Software from TweetReach offers a compelling value proposition: allowing users to figure out precisely how many potential impressions a tweet, brand name, or hashtag has accumulated on Twitter recently. They’ll even show you which Twitter users are spreading a particular message the most. (Note: they now have similar data for Tumblr, which is very handy).
But, TweetReach also suffers from a malady shared by most social media management and analytics software companies, which is that the majority of its potential customers have never used anything like this. Thus, a major marketing hurdle in the social media software industry is to quickly and coherently explain WHAT the software does, WHY anyone should care, and HOW they can benefit from its wonders. (We’re working through this very issue right now at Little Bird, a social discovery tool in which I’ve invested).
Enter the animated demo.
Proliferating like sales of a Taylor Swift album, animated demos are popping up on the websites of even mature software companies, hoping to use the power of video to persuade attention deficient prospects.
But there are right ways and wrong ways to create an animated demo, and I want to help you avoid a disaster whereby you’re doing your company more harm than good (see the new “Worst Infographics” Pinterest board from Sean Mcginnis). So, I interviewed Jenn Deering-Davis, co-founder of Union Metrics (TweetReach’s parent company), and Dean Jutilla, founder of Demo60, who built a snazzy animated demo for TweetReach, about lessons learned.
Anatomy of an Animated Demo – TweetReach Case Study
TweetReach isn’t a brand-new product, and most of the information contained in the demo already existed on their website, just not in a linear format. Deering-Davis determined that a demo might be a better approach, because customers and prospective customers were consistently asking the same questions about the software. One of my favorite aspects of the TweetReach demo is that is tells a story from the customer’s perspective. What are her needs? How does TweetReach help make HER the star. Smart. Lesson #1: Devote your animated demo to answering your customers’ questions, not pushing your agenda
Once they committed to attempt an animated demo, the TweetReach team decided early in the process to work with a professional. Deering-Davis and others at the company were already familiar with Jutilla and Demo60, and turned to them to handle the project based on their track record and affordability (Demo60 productions are ~$5,000 for ~1 minute demos). Certainly, you can in theory do this yourself, and I use ScreenFlow software to do some walk-throughs for clients on occasion. But remember, this is not a software demo, it’s a marketing demo. Take a look at the TweetReach example above. There’s a story, characters, custom animation, and more. It’s not, “click this button to sort your data.” For those kind of projects, feel free to go it alone, if you’re comfortable. But for the signature demo that you hope will convert tire kickers, do it right. Lesson #2: If you care enough to do an animated demo, care enough to do it right
After meeting with Jutilla to talk about TweetReach and their goals, Demo60 created an initial script and storyboard, that were then refined by both sides across several rounds of tweaks and polish. This is a critical piece of the success formula. Leave enough room in your timeline to go back and forth a bit, and make sure to at listen to suggestions from the professionals. They do this for a living. Yes, you know your product better, but that doesn’t mean you can communicate about it the best. A huge hurdle for many software companies (especially early stage) is they get so immersed in the product, it can be very difficult to put yourself in the psychology of the prospective customer that knows nothing. Lesson #3: The best animated demos are bred from collaboration, not mandate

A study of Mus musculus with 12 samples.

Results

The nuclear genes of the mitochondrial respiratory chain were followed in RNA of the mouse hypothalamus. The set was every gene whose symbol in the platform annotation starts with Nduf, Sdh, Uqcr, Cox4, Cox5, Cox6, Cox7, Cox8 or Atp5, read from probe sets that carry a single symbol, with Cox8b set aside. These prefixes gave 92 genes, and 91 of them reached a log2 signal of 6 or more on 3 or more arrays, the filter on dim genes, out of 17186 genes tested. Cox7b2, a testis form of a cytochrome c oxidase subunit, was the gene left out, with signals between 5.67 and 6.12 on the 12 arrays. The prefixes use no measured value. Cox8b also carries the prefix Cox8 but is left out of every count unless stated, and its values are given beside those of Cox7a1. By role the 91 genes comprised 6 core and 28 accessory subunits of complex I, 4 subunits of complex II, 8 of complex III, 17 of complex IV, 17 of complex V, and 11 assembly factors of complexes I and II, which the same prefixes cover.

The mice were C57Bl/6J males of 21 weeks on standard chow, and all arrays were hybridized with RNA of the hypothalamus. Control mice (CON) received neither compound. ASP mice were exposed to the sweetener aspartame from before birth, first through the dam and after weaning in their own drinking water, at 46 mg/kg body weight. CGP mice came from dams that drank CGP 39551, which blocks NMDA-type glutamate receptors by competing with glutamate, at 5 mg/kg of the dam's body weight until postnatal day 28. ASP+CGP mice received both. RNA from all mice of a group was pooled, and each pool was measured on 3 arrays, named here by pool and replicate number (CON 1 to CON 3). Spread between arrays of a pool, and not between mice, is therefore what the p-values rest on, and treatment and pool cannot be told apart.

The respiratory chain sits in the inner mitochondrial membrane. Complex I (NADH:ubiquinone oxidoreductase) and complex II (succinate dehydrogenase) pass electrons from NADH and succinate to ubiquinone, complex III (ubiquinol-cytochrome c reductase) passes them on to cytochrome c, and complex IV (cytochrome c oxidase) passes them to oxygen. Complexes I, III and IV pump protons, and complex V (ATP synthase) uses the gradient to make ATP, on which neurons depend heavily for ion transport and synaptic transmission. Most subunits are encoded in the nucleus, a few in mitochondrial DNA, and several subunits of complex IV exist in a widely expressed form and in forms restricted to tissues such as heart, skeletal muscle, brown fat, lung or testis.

Even though you can do a lot of different things with TweetReach, Jutilla counseled keeping the demo short. Remember, you’re not trying to explain the entire company in an animated demo, you’re trying to answer the key questions, and get people fired up enough to take the next step. Demo60 very much recommends two minutes or less for animated demos. Even though two minutes doesn’t seem that long on television (it’s the length of many commercial breaks), it seems much longer online. The difference, according to Jutilla, is that TV is a lean back medium, whereas the Web is a lean forward medium. We’re always looking to scroll and click online, and sitting still for even two minutes is asking a lot of site visitors (perhaps sad, but unquestionably true). Lesson #4: Shorter is better for animated demos
Deering-Davis knows the video is a success because the flow of customer questions about the same topics has slowed to a trickle. And, views of the demo on the home page of their website are consistently strong. That’s an important distinction, however. Even though the TweetReach demo is available on YouTube and Vimeo, the overwhelming majority of the views come from the home page of the TweetReach site. Do not confuse a “viral video” and an animated demo. With the former you’re trying to boost awareness; with the latter you’re trying to improve conversion rates. Totally different objective. Lesson #5: Understand that the audience for your animated demo are prospects already on your website
Have you created an animated demo? What’s been your experience? Any favorites out there? Link them up in the comments.